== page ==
How I Deal with Imposter Syndrome as a Young Entrepreneur
I’ll never forget the first event I attended as a “founder”. I stayed up late into the evening practicing my elevator pitch with my business partner the night before. We rehearsed tirelessly until we had every last word memorized. We didn’t know it then, but this would be the first of many events, conversations, pitches, and speaking engagements we would attend in the future. As bart loomed from the far east and into San Francisco, I had a sick feeling in my stomach. Have you ever felt like you didn’t belong? As though everyone could see you didn’t deserve to be there? When we entered the summit we received a few sideways glances and puzzled expressions: we were the only women in the room. Though uneasy, I clung to the words I had rehearsed the night before. I held conversations with people who felt light years beyond me. I spoke about our business with potential investors, advisors, and colleagues. And though I wasn’t the most confident, experienced, or decorated person the room - I managed to muster confidence in what I knew.
Imposter syndrome is real. An estimated 70% of people experience imposter syndrome at some point in their careers, according to a review article published in the International Journal of Behavioral Science.
We’ve all been there. We’ve all asked ourselves the question,“Why me?” I have been in situations were I have felt under-qualified and insufficient, just as there have been times I have known I was the right woman for the job. As my professional career has continued to develop, I experience imposter syndrome exceedingly more often. Why is this? Well, the more I build my personal brand (learn more about that here), the more opportunities I am given, the more often I say yes, which means the more I feel uncomfortable.
Growth is terribly uncomfortable.
So, how do we combat feelings of imposter syndrome?
Learn by Doing.
Pull the trigger, bite the bullet, free-fall into what is left untried. This means saying yes without too much contemplation, which poses too much potential risk, deterring us from a golden opportunity. Your personal brand can generate new partnerships, advancements, and possibilities that are outside of your immediate comfort zone. You may not be the most qualified person in the room, but you will have the opportunity to provide value where there otherwise wouldn’t have been. The brand adopter can benefit just as much as the brand creator.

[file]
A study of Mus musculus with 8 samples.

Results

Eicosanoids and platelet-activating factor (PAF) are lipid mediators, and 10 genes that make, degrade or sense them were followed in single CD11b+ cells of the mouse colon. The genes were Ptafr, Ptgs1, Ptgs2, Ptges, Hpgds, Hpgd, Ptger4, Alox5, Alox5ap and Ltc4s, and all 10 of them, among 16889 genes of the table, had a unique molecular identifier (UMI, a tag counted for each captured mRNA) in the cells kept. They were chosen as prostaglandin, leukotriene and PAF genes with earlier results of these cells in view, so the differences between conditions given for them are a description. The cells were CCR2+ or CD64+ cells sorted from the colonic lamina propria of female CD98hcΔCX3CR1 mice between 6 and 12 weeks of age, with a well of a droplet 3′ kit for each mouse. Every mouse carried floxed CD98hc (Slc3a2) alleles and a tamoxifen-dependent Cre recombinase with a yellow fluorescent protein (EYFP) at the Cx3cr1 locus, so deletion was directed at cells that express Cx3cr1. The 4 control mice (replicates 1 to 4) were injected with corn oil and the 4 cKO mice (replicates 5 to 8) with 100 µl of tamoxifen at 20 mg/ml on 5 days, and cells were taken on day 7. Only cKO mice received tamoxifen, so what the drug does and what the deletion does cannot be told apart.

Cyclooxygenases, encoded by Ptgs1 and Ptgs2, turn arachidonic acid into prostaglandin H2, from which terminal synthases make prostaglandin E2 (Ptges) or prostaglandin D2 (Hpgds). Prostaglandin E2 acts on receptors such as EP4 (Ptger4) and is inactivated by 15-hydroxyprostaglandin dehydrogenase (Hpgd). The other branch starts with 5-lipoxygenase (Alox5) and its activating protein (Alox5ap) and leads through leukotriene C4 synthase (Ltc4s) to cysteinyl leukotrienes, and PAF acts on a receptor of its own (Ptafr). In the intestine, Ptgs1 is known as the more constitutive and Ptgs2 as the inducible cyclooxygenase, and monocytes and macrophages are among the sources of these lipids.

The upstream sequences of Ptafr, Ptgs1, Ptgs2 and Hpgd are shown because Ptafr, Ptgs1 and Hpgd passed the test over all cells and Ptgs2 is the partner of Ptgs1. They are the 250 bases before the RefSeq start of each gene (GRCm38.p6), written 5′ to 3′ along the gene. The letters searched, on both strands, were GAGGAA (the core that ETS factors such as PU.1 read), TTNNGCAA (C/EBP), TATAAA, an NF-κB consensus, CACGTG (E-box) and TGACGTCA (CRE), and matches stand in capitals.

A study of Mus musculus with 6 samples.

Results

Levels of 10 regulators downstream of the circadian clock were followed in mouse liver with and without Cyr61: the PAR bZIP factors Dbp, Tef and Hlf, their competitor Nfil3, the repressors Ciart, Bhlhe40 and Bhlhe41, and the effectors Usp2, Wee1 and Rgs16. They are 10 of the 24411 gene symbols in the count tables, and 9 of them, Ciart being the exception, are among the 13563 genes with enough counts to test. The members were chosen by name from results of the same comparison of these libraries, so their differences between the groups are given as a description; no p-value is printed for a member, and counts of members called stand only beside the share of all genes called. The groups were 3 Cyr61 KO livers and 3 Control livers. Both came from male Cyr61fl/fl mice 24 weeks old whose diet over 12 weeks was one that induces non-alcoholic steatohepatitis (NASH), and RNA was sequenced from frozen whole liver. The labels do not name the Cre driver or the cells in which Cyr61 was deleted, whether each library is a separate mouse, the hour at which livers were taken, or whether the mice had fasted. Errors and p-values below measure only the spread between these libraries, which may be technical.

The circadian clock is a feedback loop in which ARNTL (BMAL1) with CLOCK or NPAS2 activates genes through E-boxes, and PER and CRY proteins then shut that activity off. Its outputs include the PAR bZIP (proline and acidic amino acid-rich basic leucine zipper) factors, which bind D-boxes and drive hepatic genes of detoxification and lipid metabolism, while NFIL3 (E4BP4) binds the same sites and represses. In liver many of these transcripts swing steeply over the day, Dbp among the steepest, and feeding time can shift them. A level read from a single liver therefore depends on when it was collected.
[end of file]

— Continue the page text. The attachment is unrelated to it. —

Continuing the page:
Seek out Constructive Criticism.
My mom once offered a piece of advice I will never forget. She said after any speaking engagement she usually makes time to mingle with members of the audience. In her conversations she always asks the other person, “What did you hear?” A simple question, yet incredibly effective for deciphering which ideologies resonated with the audience. Making room for constructive criticism is a good way to remain open and self-aware. It helps us to clarify our message and improve our process for future opportunities.
Change Your Disposition.
Your thoughts can be your most powerful play, or your biggest obstacle. How are you speaking to yourself? Are you practicing encouragement or using negative commentary? Visualize yourself making a phenomenal first impression, speaking with purpose, or nailing that first interview. Assess the areas in which you feel weak, then visualize yourself excelling in the same areas. In preparation for my first keynote speech, I envisioned myself at the front of the room commanding an attentive audience because of a strong message. I kept this visual on repeat until it was so engraved in my mind I had no choice but to see anything else. When I arrived to my first speaking engagement I was over-prepared and ready to put my practices to the test. I excelled, but only because I told myself I would excel.
Give yourself Grace.
Everyone who tries something new runs the risk of failure. The problem arises when we set extremely high expectations for ourselves, and let any small mistake drive us into a pit of self-criticism. Give yourself grace when difficult circumstances pose unsettling outcomes. How can you do better next time? Remember, there will always be another opportunity for a chance to get it right.